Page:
We just got our hands on F1 2020 for the first time and it's looking as accessible for newcomers as it looks comprehensive for enthusiasts. But after playing the game and attending Codemasters' presentation, we had the chance to talk with game director Lee Mather for a better understanding of the new features.
For example, despite the uncertainty surrounding the real world F1 season due to the coronavirus crisis, Codemasters still plans on delivering the full virtual season and, what is more, "we're readying the online weekly events", Mather confirms. "There'll be the ones with the classic cars, with the modern cars, and also the featured events". As fans might recall, "traditionally we've always mirrored them with the real calendar, but this year obviously there'll be a little bit more creative license" in terms of "which tracks we use and when they take place".
One thing we wanted to clarify is how the newly-introduced My Team mode differs from the classic Career mode, and whether it has any online component.
"You drive for a Formula 1 team", explains Mather, while "in My Team you are the driver and owner of a F1 team and you'll manage everything that goes along with that as well as being the driver". So, in other words, in the "traditional driver Career, you'll sign for one of the real teams of the grid, you'll be a commodity", "whereas in My Team you're the one who's going to the driver market trying to get a good second driver". That, and dealing with managing sponsorship deals, power unit suppliers, teammates (whoever you can afford), perhaps starting with Formula 2 drivers... And, effectively, My Team is completely offline, and despite the wording, it has nothing to do with the likes of PES myClub or FIFA's FUT.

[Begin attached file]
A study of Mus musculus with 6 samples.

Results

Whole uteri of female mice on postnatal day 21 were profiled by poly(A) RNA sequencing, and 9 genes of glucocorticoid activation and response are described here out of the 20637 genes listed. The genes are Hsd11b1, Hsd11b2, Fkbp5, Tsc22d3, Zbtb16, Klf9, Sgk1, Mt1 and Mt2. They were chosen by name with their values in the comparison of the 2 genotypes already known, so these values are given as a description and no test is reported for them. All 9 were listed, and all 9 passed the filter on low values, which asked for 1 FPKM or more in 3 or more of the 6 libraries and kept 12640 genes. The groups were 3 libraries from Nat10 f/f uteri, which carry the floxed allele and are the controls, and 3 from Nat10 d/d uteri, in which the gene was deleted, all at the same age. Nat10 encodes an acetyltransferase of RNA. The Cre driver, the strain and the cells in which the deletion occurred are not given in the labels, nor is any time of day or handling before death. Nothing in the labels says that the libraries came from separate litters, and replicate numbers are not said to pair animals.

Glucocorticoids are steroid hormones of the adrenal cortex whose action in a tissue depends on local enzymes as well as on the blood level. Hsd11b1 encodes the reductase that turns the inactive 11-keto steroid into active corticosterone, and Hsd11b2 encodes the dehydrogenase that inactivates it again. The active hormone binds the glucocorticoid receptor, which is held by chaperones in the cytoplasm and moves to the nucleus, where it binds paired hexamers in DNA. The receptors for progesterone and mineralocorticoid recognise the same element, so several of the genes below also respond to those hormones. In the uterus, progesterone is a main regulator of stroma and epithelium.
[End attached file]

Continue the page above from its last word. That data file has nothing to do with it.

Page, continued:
We also wondered whether Codemasters might be looking into cross-save or cross-platform for the racer, but "for 2020 that's not something we're able to do at the moment", confirms Mather, "but it's something that we've started doing a significant amount of research into", as it'd mean a "very fundamental change in the structure" of systems and live services. "It's something that we're investigating for the future. We've certainly started that work to see how best to implement something along those lines for F1"
Then we dreamed of having a couch co-op team competing online ala Mario Kart, but for now the new split-screen local multiplayer remains offline as "it's obviously not an easy thing", as according to the game director "it was a significant technical achievement to get split-screen running in F1, but that's not to say in the future we won't want to build split-screen", considering "there's always potential".
And same goes for the new casual races, which lower the entry barrier by adding some automatism, aids, or car reset, while streamlining overwhelming menu options, all of which will be available in single-player only (Career, My Team, Grand Prix):
"For this year, because it's the first time we've implemented it, to avoid segmenting the userbase and having to compensate for the very different setup. it's only available in non-competitive game modes".
For more on classic drivers, the 70th Anniversary Edition, or the brand-new HUD features, watch on the full interview below.